LEMONT – Lemont senior Albert Kunickis is not without confidence.
Better yet, Lemont coach Bret Kooi, who describes himself “as meticulous about ball control as anybody,” has the utmost confidence in Kunickis.
That’s been the case since Kunickis was a freshman, and in his senior season, it’s obvious his teammates are there with him as well.
Kunickis was the center of the Lemont offense in its 42-7 romp over T.F. South on Friday night, a game that was billed as the battle for the South Suburban Blue title. It turned out to be more of a cakewalk, Lemont scoring on two of its first three possessions while the ravenous defense forced four turnovers and a safety, the latter to open the second half.
Lemont advanced to 8-0, 5-0, while the Rebels fell to 6-2, 4-1 in losing to Lemont for the eighth straight time.
Kunickis, lanky at 6-foot-3 and 210 pounds, ran for two touchdowns, piled up 125 yards on 18 carries, and kicked a pair of field goals. You would never guess from the way the ball is glued to him as he runs that he was born with only half of his right arm. It ends at the elbow.
With his heart, it doesn’t matter. He’s Kooi’s No. 1 back.
“Tonight was good for the team, because we’re battling for the conference championship,” Kunickis said, deflecting a question about his play. “We needed to beat them by a bunch to gain respect from everyone else.”
Kunickis said Kooi saw in Lemont’s youth camps “the way I was driven. As the years progressed, I worked harder on ball security, catching stuff like that, so I wouldn’t make mistakes. He’s gained confidence in me.”
“He’s pretty good,” Kooi said. “His secret is he’s a driven kid. He’s that type of kid who said I’m not going to let my disability hold me back. That’s driven him, no doubt. He carries himself with that drive all the time.”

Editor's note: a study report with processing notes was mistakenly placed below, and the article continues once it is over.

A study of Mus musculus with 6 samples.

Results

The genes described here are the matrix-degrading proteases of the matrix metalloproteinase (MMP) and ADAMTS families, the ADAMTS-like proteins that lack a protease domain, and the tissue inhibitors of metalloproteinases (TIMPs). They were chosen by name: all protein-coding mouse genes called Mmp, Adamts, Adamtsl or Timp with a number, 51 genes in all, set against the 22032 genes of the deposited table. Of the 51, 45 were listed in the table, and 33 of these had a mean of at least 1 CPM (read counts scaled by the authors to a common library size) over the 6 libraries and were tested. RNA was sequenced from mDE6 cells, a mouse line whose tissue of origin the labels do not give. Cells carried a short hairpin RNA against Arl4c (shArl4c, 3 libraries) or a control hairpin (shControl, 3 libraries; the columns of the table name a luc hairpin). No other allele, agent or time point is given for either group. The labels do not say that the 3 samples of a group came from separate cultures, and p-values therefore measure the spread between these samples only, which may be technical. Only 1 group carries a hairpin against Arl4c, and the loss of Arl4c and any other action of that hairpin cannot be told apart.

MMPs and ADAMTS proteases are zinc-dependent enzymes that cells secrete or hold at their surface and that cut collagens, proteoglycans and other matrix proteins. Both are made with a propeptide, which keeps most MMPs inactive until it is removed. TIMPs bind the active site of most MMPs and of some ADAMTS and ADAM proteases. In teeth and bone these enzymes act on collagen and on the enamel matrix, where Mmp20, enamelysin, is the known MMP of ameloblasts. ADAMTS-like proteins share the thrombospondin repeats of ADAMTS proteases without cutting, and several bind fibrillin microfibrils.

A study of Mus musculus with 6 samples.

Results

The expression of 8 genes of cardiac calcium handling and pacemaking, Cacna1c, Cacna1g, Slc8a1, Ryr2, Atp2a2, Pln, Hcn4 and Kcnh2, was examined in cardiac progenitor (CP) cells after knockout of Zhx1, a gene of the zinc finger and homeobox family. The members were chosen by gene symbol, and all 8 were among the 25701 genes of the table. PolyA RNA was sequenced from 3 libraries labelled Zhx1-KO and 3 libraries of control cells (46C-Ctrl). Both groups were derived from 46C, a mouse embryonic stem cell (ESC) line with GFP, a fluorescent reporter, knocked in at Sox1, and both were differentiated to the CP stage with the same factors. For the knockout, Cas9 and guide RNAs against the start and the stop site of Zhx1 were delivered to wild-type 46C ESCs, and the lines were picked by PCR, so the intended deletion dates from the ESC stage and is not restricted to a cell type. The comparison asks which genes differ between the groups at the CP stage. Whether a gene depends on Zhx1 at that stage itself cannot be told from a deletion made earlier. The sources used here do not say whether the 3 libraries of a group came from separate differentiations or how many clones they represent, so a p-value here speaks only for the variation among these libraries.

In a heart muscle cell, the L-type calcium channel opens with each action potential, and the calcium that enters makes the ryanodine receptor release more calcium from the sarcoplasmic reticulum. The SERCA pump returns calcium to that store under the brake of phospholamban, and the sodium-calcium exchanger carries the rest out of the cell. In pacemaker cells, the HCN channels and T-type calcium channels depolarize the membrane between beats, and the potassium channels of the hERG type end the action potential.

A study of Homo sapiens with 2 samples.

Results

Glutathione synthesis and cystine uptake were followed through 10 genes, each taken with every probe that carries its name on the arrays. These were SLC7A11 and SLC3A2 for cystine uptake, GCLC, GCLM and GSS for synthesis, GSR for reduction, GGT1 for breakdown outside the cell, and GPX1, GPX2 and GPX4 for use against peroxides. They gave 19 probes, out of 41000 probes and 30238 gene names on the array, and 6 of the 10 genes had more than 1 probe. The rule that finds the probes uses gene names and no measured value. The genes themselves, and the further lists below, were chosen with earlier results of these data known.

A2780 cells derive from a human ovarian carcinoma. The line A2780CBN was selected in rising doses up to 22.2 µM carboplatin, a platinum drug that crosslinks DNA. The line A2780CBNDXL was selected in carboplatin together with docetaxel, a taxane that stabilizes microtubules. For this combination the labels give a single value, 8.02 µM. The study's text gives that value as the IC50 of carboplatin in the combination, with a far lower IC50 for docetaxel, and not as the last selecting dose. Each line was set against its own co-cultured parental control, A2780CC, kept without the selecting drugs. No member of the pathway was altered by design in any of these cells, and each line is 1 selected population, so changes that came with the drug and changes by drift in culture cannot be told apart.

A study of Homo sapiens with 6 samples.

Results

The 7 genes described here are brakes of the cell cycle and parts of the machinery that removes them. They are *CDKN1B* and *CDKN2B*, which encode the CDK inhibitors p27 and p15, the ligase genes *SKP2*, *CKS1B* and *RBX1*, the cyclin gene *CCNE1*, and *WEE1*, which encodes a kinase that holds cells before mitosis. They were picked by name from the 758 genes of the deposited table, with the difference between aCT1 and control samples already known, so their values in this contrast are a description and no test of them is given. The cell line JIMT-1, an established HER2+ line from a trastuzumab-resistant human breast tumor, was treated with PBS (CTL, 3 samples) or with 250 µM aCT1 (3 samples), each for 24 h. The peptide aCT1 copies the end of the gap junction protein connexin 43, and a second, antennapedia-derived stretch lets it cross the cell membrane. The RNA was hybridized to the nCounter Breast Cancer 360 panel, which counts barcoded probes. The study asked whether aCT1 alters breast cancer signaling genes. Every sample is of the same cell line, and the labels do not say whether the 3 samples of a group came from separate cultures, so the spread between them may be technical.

Kooi recalled that when Kunickis was a freshman, “I saw the drive and a guy playing with a little bit of an edge.”
Others have taken notice of the senior’s success. He’s made an official visit to Notre Dame, expects to make one to Northwestern, and Monday received a preferred walk-on offer from Michigan. That would mean no scholarship money the first year, but the attention is more than ceremonial. Kunickis can play.
“It feels good,” Kunickis said. “I hope I can attract more attention and we can win a state championship.”
“There’s no doubt he can play somewhere,” Kooi said. “Like us here, somebody’s got to give him a chance.”
It was all Lemont from the start. Their defensive line hammered away at the Rebels, holding them to minus-11 yards rushing in the first half, and setting the table for three T.F. South turnovers. There was another in the second half, plus the aforementioned safety, and a muffed punt at the Rebels 14 that set up the final Lemont score.
“We got after it pretty good, got a couple breaks at the beginning and definitely took advantage of it,” Kooi said. “Minus-11 yards, that’s awesome, especially with a back like (Willie Roberts). We thought they were a pretty good team.”
The yardage advantage of 218-20 at the half was indicative of the run of play. The Rebels’ sophomore team arrived late, and the varsity hardly at all.
The first turnover, a fumble by Roberts, was converted into a short-field touchdown by Kunickis on a 1-yard plunge for a 14-0 lead late in the first quarter. Lemont quarterback Payton Salomon scored the first Lemont touchdown from the 8 a few minutes before.
Salomon made it 20-0 midway through the second quarter, after which Kunickis kicked field goals of 23 and 42 yards. That might be his ticket to Division I. He can kick as well as he can run.
For Lemont, the only question now is if it can finish undefeated in the regular season at Oak Forest next Friday, and what its playoff seed will be.